SCCA News

Joseph Jacobus (Joop) Burgerjon
October 9, 1924 - May 27, 2015

It is with sadness and deep respect that we mourn the loss of a great friend and local conservationist, Joop Burgerjon.

Although Joop may be best known on the Coast his role in establishing, rehabilitating and maintaining Sargeant Bay Provincial Park, his lead role in the establishment of the Sunshine Coast Conservation Association was also pivotal. It was his patience and commitment as the chair of our Board of Directors in navigating the paperwork that led to the SCCA receiving it’s federal charitable status in 1997. His efforts were recognized in 2004 when he was awarded the John Hind-Smith award.  An award that is given each year to a citizen of the Sunshine Coast who has shown a long and enduring service to the protection of local biodiversity and is recognized by their personal integrity, commitment to scientific accuracy, and ability to inspire others to appreciate and protect biodiversity.
He also was recognized in 2013 with a Volunteer Legacy Award from BC Parks, and in 2014 was honoured at the Sunshine Coast Celebration of Excellence for a lifetime exemplary volunteer career in the field of Environmental Enhancement and Protection.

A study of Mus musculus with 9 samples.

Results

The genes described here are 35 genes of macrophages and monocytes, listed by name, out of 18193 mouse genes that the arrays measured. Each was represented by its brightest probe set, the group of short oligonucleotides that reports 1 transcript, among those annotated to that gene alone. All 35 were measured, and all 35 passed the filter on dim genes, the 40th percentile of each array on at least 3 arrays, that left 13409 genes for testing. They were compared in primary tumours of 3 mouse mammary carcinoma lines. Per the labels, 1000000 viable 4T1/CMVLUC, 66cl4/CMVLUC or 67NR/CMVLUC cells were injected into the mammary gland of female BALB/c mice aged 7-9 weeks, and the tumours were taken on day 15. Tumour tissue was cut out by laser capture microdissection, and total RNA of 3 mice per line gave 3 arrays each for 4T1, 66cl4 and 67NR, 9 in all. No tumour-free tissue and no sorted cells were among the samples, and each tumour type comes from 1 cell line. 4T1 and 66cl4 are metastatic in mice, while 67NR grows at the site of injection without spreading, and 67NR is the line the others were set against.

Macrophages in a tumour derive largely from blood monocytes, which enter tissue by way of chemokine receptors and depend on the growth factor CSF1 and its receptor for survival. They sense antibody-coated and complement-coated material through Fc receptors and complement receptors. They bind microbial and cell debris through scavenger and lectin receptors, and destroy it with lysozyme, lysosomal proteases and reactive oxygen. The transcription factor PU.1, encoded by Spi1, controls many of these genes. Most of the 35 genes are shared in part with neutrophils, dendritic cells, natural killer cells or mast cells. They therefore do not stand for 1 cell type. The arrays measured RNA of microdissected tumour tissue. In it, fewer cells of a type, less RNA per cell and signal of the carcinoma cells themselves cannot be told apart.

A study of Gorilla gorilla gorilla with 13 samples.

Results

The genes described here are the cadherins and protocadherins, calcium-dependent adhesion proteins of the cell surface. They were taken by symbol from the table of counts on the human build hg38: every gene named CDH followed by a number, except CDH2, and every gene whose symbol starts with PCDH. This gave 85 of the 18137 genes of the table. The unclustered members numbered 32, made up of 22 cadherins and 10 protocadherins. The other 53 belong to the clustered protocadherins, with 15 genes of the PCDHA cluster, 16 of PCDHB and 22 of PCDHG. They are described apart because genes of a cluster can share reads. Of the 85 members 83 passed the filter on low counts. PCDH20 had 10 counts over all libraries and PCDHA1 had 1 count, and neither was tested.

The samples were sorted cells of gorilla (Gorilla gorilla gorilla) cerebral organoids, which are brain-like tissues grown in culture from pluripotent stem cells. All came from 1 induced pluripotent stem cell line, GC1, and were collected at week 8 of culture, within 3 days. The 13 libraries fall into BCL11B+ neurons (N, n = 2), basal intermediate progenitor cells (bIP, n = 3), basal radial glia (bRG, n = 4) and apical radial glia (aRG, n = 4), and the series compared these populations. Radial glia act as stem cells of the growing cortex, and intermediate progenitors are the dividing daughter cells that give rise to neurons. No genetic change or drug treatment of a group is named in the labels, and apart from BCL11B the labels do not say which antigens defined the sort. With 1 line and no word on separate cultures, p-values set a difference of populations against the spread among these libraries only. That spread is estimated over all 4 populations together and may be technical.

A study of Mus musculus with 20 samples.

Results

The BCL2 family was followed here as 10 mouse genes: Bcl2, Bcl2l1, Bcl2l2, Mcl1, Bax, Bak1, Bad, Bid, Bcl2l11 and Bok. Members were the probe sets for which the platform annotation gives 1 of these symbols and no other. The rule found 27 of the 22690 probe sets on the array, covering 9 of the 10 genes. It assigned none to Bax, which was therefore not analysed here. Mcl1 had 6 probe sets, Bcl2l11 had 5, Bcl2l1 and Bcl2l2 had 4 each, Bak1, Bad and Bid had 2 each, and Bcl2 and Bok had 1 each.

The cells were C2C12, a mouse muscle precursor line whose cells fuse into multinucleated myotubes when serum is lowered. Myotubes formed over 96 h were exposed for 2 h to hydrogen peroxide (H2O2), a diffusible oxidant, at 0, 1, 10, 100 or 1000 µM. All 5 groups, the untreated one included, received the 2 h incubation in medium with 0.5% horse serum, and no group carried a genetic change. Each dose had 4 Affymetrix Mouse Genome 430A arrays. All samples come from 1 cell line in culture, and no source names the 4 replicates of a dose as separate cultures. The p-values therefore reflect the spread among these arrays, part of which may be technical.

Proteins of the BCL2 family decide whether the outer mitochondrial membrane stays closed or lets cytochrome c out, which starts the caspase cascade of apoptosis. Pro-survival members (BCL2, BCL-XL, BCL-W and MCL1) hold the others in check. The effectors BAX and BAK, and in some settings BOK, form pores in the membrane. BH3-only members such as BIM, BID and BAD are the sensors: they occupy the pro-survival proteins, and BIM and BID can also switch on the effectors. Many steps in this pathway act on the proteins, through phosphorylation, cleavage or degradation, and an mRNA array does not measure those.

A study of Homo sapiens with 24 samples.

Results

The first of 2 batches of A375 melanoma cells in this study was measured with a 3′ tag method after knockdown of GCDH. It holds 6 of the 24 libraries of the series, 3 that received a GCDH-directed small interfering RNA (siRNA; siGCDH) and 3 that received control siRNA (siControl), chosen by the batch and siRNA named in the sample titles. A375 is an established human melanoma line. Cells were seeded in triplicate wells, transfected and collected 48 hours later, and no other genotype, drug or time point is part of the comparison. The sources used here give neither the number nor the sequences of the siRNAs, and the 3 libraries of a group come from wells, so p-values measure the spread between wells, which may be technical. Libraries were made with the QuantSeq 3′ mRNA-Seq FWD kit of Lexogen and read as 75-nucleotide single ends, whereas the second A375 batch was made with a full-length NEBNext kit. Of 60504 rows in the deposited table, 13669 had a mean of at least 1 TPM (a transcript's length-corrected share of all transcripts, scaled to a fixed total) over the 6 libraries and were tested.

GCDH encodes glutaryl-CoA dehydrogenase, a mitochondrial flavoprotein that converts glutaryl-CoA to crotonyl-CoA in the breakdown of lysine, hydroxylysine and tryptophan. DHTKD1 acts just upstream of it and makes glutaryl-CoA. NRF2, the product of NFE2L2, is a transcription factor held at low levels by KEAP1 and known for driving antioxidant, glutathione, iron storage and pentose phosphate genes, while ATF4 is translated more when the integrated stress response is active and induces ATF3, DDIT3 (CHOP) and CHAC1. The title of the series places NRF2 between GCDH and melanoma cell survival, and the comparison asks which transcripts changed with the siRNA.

Joop was a terrific role model showing us all what a dedicated individual concerned about the environment is capable of accomplishing.  He will be sorely missed.

Our summer 2014 newsletter is here. Download it here.

On Jan 7th, 2014 the Ministry of the Environment's proposed strategy for the recovery of this small seabird was opened to public review. This review was brought about by a legal pressure from several environmental groups which challenged the long delays that have occurred in bringing forth these strategies for several species according to the requirements of the Species At Risk Act. 

The marbled murrelet is reliant on old growth forests in our region, and on feeding grounds in our marine environment.

The SCCA has submitted a letter of comment on the proposed strategy.

 

If you missed the presentation on Glass Sponge Reefs delivered to SCCA members in October, you can now see the video which was shot by Sarama. Dr. Manfred Krautter, paleobiologist, and professor at the University of Stuttgart, Germany, delivered this talk in Sechelt.

Glass sponge reefs were thought to be extinct until, in 1987, living reefs were first discovered off the northern coast of B.C. in Hecate Strait. Further reefs were found later in Georgia Strait, off Sechelt.

Sarama is presently producing a documentary entitled "This Living Salish Sea". Both the larger northern colonies of these sponge reefs, in the Hecate Strait, and the smaller southern colonies, in the Salish Sea, are in the path of proposed tanker routes.